Specialists caring for children with insulin-dependent (type 1) diabetes struggle to lower excessively high blood-sugar levels (glycemic control) that can lead to diabetes-related eye, kidney, and other complications, while minimizing the risk of acute problems such as severe hypoglycemia (low blood sugar levels that can lead to convulsions or coma), which often result in hospitalizations and emergency department (ED) visits. Despite improvements in diabetes care, these young people are hospitalized more than three times as often as the general pediatric population. The only factor that reduced these hospitalizations was frequent self-monitoring of blood glucose levels, according to a study supported in part by the Agency for Healthcare Research and Quality (National Research Service Award training grant T32 HS00063).

Doctors should stress good diabetes management, especially blood glucose monitoring (BGM), which tends to become more lax during the adolescent years. BGM provides information on which to base adjustments in insulin dosages, meal plans, and exercise regimens to ultimately improve glycemic control, explain the researchers from Children's Hospital in Boston and Harvard Medical School. They used questionnaires and medical records to assess how glycemic control affected the incidence of adverse events, hospitalizations, and ED visits of 300 youngsters (7 to 16 years of age) with type 1 diabetes, who were receiving care at a diabetes specialty clinic over a 1-year period. They were prescribed daily insulin injections, diet and exercise education, instruction in BGM, and advice on sick-day management.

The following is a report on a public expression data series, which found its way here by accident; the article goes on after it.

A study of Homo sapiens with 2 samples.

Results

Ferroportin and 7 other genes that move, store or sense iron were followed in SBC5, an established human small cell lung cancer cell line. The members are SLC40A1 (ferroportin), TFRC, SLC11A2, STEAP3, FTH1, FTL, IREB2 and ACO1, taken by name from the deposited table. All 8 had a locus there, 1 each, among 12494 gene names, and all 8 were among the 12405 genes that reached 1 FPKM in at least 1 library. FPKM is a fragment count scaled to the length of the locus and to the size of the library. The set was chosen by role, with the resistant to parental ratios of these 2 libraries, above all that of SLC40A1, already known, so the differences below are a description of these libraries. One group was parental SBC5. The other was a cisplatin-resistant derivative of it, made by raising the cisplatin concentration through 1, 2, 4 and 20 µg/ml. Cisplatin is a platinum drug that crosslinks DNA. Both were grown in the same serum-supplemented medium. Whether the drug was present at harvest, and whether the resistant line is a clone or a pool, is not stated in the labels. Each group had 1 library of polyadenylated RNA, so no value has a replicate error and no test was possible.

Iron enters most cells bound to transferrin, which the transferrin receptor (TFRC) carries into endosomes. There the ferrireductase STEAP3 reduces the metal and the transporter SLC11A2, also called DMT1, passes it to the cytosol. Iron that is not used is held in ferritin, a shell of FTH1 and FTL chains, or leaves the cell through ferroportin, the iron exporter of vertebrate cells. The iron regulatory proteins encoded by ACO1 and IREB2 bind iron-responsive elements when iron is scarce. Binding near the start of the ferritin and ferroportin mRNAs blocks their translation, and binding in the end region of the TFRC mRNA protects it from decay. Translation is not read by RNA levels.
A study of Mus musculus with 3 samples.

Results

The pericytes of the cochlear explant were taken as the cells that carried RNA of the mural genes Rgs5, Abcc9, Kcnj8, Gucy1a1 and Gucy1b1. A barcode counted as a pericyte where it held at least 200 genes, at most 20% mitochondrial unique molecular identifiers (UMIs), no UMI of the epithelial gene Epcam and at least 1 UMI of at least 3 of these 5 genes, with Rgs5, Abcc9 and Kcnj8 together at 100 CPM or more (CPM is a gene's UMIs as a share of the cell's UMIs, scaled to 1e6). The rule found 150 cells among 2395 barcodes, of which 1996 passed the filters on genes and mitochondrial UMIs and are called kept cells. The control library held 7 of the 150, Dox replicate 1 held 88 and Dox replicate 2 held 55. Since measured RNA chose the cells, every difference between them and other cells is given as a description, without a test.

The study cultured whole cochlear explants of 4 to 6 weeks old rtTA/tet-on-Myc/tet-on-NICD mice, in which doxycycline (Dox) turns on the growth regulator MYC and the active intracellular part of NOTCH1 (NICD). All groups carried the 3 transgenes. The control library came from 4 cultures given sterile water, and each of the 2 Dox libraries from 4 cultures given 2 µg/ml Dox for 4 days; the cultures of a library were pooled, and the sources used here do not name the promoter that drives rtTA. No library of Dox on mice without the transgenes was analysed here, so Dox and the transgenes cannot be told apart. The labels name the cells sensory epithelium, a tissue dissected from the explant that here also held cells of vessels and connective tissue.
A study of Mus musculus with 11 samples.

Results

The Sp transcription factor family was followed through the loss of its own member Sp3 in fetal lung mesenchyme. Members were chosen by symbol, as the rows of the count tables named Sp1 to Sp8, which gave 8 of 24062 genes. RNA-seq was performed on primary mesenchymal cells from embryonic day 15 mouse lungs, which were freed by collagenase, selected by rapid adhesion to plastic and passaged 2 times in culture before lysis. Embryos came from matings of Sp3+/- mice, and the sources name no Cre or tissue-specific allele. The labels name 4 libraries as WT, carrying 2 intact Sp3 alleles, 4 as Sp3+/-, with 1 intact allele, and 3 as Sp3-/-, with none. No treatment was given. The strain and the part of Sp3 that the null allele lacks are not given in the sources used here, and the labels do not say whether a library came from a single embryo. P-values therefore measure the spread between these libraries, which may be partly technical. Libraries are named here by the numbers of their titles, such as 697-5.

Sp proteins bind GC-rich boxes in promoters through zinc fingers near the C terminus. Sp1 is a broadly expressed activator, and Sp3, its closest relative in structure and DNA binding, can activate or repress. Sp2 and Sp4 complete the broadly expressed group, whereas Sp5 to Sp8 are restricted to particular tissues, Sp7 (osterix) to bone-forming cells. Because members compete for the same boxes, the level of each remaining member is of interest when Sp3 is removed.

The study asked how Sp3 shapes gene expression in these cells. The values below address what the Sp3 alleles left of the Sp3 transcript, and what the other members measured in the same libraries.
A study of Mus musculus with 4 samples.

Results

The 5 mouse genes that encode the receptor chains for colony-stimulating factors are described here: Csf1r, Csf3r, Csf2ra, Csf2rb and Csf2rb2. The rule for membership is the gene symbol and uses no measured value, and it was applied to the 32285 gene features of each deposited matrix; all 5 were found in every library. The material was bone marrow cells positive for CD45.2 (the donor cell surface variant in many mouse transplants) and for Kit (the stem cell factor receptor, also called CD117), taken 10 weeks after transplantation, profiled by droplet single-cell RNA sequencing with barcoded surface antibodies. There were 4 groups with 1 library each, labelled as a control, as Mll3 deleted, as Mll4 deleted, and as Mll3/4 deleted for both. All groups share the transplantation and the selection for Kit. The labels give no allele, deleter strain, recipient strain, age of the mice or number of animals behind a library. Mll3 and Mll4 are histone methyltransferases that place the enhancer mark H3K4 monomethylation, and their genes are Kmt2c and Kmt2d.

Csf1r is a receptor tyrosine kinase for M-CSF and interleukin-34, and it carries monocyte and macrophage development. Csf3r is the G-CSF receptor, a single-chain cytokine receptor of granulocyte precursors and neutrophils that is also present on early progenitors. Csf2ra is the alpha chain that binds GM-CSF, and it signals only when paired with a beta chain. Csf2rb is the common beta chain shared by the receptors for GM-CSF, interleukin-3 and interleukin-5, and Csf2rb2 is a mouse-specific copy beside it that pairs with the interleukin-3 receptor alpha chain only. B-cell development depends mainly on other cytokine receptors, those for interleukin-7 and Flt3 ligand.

Despite multidisciplinary care, glycemic control (measured by glycosylated hemoglobin or HbA1c levels) did not improve over the 1-year study period, from a mean HbA1c of 8.7 percent at baseline to 8.9 percent a year later; good glycemic control is considered 7 percent or less. Poorer control was associated with older age, advanced puberty, and longer duration of diabetes. Patients who performed BGM five or more times per day had HbA1c levels of 8 percent compared with 9.1 percent for those performing BGM once per day or less. Overall, the rate of hospitalization was 13 per 100 person-years, but it was significantly higher (25 per 100 person-years) in the highest HbA1c tertile (HbA1c greater than 9 percent).

See "Predictors of glycemic control and short-term adverse outcomes in youth with type 1 diabetes," by Bat-Sheva Levine, M.D., Barbara J. Anderson, Ph.D., Deborah A. Butler, M.S.W., and others, in the August 2001 Journal of Pediatrics 139, pp. 197-203.